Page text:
Secularism: The Other Roadmap for Democracy in the Middle-East

With few exceptions, most Arab countries are ruled by a corrupt and secular elite that is benefiting from the status quo. This elite is afraid of what democracy might bring, so they do everything they can to scare the US and the West of what democracy may bring. The secular elite is increasingly marginalized, isolated, authoritarian, and corrupt. They are neither genuine secularists nor democrats, but they raise these flags to seek support from the West. Being elitist, they have no grassroots or popular support, and they discourage popular participation in the political system because they do not trust the people to keep them in power. External pressure is absolutely necessary to convince them that democracy is the only way to bring about economic development, stability, and rule of law.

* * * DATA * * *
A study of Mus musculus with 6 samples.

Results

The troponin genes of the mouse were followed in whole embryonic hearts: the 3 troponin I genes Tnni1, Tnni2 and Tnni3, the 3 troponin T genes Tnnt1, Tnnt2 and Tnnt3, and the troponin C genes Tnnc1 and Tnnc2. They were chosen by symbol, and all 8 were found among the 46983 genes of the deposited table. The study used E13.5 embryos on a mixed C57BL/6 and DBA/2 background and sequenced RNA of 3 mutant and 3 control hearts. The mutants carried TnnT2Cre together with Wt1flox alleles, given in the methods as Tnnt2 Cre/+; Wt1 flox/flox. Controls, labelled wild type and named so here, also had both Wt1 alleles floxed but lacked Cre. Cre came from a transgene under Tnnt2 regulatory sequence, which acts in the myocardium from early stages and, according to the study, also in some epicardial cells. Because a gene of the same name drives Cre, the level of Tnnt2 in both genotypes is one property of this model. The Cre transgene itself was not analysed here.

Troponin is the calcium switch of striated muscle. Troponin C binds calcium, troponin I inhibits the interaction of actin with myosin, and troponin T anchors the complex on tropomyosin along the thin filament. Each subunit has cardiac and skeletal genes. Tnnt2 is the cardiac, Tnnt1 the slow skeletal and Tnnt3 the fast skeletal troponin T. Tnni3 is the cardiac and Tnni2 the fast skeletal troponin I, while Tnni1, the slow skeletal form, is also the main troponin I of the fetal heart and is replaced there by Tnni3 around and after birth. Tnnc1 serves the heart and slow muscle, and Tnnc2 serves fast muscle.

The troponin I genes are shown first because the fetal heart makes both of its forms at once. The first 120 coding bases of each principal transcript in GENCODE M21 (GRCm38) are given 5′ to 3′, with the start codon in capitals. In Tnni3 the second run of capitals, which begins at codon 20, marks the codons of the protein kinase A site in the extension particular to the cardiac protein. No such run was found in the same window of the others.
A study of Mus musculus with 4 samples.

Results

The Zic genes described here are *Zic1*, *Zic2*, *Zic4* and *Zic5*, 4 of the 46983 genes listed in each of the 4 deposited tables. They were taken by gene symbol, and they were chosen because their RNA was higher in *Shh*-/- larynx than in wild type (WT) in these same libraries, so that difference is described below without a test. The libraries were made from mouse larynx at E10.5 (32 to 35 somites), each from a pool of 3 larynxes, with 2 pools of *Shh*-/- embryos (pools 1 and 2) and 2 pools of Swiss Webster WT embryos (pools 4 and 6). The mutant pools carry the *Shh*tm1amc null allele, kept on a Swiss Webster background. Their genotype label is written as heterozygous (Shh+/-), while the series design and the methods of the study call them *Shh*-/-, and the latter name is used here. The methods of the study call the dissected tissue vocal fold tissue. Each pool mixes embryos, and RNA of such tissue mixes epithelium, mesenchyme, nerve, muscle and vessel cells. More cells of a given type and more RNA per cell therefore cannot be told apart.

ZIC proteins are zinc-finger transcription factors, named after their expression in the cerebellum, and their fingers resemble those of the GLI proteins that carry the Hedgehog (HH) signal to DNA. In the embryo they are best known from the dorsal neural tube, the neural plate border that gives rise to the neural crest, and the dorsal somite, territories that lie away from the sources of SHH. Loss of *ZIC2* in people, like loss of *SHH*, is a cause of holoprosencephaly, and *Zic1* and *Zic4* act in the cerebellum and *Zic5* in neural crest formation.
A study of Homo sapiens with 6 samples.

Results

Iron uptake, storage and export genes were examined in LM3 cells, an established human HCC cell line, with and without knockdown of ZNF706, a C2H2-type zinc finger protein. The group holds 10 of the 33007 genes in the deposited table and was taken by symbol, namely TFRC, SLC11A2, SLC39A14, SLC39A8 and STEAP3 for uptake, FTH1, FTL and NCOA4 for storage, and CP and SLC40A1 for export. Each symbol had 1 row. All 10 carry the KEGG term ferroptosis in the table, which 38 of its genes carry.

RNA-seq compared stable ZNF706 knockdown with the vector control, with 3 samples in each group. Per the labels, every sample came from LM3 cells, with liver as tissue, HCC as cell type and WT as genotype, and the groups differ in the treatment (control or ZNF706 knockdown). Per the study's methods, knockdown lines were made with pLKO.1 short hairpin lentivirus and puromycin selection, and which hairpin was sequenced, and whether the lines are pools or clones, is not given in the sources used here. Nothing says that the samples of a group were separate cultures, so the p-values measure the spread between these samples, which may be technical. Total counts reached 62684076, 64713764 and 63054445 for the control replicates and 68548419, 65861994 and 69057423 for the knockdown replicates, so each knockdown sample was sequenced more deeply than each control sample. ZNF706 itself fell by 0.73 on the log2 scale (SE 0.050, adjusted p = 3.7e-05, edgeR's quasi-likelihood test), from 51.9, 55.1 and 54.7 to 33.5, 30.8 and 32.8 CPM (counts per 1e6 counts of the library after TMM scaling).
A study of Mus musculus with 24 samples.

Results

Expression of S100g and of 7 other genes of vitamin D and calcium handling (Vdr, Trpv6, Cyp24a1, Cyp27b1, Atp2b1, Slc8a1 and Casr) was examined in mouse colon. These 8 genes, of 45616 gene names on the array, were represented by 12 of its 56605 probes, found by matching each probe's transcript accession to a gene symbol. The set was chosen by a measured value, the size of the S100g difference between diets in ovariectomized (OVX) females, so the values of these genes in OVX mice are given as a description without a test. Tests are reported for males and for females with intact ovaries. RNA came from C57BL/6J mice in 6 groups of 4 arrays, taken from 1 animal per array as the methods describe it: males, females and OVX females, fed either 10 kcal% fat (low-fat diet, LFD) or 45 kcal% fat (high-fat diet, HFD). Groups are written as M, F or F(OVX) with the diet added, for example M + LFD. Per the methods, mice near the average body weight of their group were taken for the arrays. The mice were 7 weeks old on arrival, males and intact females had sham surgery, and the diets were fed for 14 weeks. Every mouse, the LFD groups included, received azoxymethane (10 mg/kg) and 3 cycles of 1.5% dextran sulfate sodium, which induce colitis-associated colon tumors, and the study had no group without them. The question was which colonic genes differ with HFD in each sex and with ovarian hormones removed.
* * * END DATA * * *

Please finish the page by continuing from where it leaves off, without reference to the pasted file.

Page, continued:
Secularity was developed in Europe as a reaction to the Church’s control of governments during the Middle Ages. The Muslim world was never ruled by a religious clergy, with the exception of modern-day Iran where the clerics took control after the Iranian people overthrew the Shah’s oppressive government. Complete separation between religious values and politics is impossible in the Muslim world, while separation between religious and political institutions is necessary.

 

 

In the nineteenth and early twentieth centuries, when democracy was being developed and implemented in Europe, there was fear that the Catholic Church would be an obstacle to democracy, but the “Christian Democratic” movement grew and defended the idea that democracy was compatible with Christianity. In the Muslim world, we are seeing the birth of “Muslim democrats” who are advancing and advocating similar ideas.

 

 

We must come to accept and understand that it will indeed take time for people to discern the proper relationship between religion and politics, and between religious scholars and elected political leaders. Ultimately, people are smart and do not want to live under any form of tyranny, whether secular or religious.